Metal Detector Choices

      Advice on shopping for metal detectors able to find metal in a sawlog ó before your blade does. March 3, 2006

Question
We recently purchased a 36" band mill and are now looking to purchase a metal detector to scan logs for metal (nails, wire, etc) before sawing. Can anyone recommend specific brands and types we should look at?

Forum Responses
(Sawing and Drying Forum)
From contributor F:
I don't know what they cost, but I would check into the ones surveyors use to find buried markers. I resawed some salvaged lumber for a guy once and he borrowed a metal detector from a surveyor friend. He found every single nail in the beams.



From contributor P:
I think there is a company located in Oregon that sells a high end detector made just for the timber industry. There should be some older posts in the Knowledge Base. I use a mid-grade coin hunter's detector (had it before the mill purchase) and it works well for me.


From contributor D:
As a consultant, I worked with Metal Detectors, Inc. They make good log and cant scanners and have been good to work with when somebody had a problem.


From contributor T:
We have and use daily the Probe 2100 from Metal Detectors. You will need metal-free ground underneath the logs to scan on - it picks up the rebar in concrete.


From contributor P:
I have a Schoenstedt ga-92 metal locator which I use for surveying. It cost about $800, which is a typical price for a survey grade metal locator. Schoenstadt is the leading brand in survey metal locators.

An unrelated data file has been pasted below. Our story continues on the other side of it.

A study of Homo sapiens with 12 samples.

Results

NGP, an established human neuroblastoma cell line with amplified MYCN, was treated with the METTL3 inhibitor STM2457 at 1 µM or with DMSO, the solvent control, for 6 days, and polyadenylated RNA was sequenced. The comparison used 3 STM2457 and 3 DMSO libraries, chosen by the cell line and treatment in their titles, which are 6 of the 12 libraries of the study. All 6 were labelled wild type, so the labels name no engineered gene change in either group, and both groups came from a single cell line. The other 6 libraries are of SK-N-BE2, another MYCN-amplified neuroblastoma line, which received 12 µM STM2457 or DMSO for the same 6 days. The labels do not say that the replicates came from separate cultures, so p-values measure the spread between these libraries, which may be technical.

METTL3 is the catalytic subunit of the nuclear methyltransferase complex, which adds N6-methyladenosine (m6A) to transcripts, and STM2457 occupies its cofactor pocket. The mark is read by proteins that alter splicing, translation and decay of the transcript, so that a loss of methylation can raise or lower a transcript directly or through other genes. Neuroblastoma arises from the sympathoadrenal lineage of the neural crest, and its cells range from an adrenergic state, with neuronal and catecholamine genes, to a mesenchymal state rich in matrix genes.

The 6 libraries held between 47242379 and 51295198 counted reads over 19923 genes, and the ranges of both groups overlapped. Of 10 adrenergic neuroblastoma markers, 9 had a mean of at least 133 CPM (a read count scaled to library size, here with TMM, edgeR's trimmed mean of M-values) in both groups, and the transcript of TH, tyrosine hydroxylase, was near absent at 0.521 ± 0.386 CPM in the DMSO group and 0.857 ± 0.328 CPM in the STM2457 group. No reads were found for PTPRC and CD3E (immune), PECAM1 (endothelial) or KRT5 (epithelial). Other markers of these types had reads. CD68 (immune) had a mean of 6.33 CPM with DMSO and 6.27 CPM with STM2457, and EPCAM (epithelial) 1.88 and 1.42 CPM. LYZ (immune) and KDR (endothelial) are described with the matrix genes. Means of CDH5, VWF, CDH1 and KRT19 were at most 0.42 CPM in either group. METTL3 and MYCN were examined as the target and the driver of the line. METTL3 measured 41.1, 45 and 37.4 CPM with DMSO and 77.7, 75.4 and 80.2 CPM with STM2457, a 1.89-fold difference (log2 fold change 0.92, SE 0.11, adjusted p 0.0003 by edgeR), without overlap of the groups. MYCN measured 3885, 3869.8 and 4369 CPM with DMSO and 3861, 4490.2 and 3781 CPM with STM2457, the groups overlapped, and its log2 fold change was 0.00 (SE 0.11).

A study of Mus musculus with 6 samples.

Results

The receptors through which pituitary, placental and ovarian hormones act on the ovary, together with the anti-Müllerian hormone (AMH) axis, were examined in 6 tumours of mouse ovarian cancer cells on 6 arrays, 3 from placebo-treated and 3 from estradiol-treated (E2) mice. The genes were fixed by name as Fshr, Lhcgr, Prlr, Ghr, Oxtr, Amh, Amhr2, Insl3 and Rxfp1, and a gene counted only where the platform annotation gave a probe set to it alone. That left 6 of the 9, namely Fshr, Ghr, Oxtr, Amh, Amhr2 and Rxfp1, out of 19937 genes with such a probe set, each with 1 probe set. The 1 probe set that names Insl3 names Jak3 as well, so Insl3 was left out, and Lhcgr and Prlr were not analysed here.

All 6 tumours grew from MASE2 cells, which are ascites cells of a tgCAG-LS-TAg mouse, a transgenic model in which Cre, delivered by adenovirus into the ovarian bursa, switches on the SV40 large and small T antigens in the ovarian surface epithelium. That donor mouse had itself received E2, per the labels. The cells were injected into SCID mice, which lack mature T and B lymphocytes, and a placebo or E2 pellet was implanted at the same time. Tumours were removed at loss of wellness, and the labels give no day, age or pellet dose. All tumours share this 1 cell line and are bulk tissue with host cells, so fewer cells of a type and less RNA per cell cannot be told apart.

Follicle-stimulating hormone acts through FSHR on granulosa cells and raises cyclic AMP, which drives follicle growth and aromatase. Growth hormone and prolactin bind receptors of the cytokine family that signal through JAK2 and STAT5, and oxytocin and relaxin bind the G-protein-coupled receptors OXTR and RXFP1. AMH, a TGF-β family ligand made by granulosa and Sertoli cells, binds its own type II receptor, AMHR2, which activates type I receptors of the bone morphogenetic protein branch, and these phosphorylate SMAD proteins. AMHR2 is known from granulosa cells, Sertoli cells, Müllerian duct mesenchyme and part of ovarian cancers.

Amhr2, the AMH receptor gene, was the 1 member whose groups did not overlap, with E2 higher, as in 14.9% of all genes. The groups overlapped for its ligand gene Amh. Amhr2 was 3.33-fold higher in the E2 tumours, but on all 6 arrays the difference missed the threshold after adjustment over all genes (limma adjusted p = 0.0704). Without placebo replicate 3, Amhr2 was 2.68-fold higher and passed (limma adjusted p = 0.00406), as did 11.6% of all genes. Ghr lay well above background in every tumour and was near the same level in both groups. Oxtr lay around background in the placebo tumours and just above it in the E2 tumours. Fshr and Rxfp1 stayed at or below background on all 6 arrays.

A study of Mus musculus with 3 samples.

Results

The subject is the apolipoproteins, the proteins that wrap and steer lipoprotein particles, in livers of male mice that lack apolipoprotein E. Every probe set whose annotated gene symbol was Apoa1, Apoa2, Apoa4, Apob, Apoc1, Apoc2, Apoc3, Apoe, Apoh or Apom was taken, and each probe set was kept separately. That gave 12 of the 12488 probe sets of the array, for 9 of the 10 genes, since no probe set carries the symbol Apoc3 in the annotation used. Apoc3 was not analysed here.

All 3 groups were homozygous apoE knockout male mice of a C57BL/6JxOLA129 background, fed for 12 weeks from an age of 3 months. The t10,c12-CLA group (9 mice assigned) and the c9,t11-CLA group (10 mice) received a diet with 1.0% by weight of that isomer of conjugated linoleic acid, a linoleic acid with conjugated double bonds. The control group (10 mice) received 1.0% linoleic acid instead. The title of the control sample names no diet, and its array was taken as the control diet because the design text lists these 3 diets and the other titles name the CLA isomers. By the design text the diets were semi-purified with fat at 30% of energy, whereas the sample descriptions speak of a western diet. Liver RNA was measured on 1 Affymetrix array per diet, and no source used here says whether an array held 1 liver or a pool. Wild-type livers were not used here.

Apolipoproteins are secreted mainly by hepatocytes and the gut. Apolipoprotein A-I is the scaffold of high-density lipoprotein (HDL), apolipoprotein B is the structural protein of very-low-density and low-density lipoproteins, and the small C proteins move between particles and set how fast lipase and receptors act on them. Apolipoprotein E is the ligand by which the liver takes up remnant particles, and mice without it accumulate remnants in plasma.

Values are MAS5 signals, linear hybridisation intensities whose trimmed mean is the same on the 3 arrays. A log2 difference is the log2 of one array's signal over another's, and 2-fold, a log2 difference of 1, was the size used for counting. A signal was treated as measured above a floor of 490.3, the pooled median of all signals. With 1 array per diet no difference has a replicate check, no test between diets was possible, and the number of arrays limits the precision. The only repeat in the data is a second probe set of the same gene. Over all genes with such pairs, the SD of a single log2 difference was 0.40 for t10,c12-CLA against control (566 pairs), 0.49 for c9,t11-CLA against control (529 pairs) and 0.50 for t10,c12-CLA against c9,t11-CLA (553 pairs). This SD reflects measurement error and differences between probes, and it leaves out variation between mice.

I have not tried it on logs yet, as I am sawing my own nail-free pine, but I'm fairly confident it could find most nails in logs. It can find a small nail buried 2 feet underground fairly easily.

You would have to get the logs at least 10 feet from any other ferrous metals (the mill, vehicles, tractors, etc) for it to work properly. It would also pay to keep track of the butt logs so you don't waste time searching for nails in logs that were high up in the tree.



From contributor J:
I have much experience with metal detectors, and I also own a mill. The detector you want is one that has power! One with a fairly wide coil. One unit that is fantastic for this type of application is a Fisher Gold Bug. It has the power to read an iron nail over a foot deep, with no discrimination circuit to get in the way. I don't know about all survey detectors, but the guy that I hired had a pinpoint detector, with a very narrow coil, and you have to be within an inch to get it to read a target. They do go deep, but almost totally worthless for finding a nail in a log. It would take forever. I fired up my Goldbug, and found the survey stake in 2 minutes after waiting for a half an hour for the surveyor.
The Goldbug has the power to quickly sweep over a log, and find it if it is there.


The comments below were added after this Forum discussion was archived as a Knowledge Base article (add your comment).

Comment from contributor M:
Iíve found RENS Metal Detectors to be the most reliable. They work on an analog system so they donít give off the false trips like I experienced with the digital units.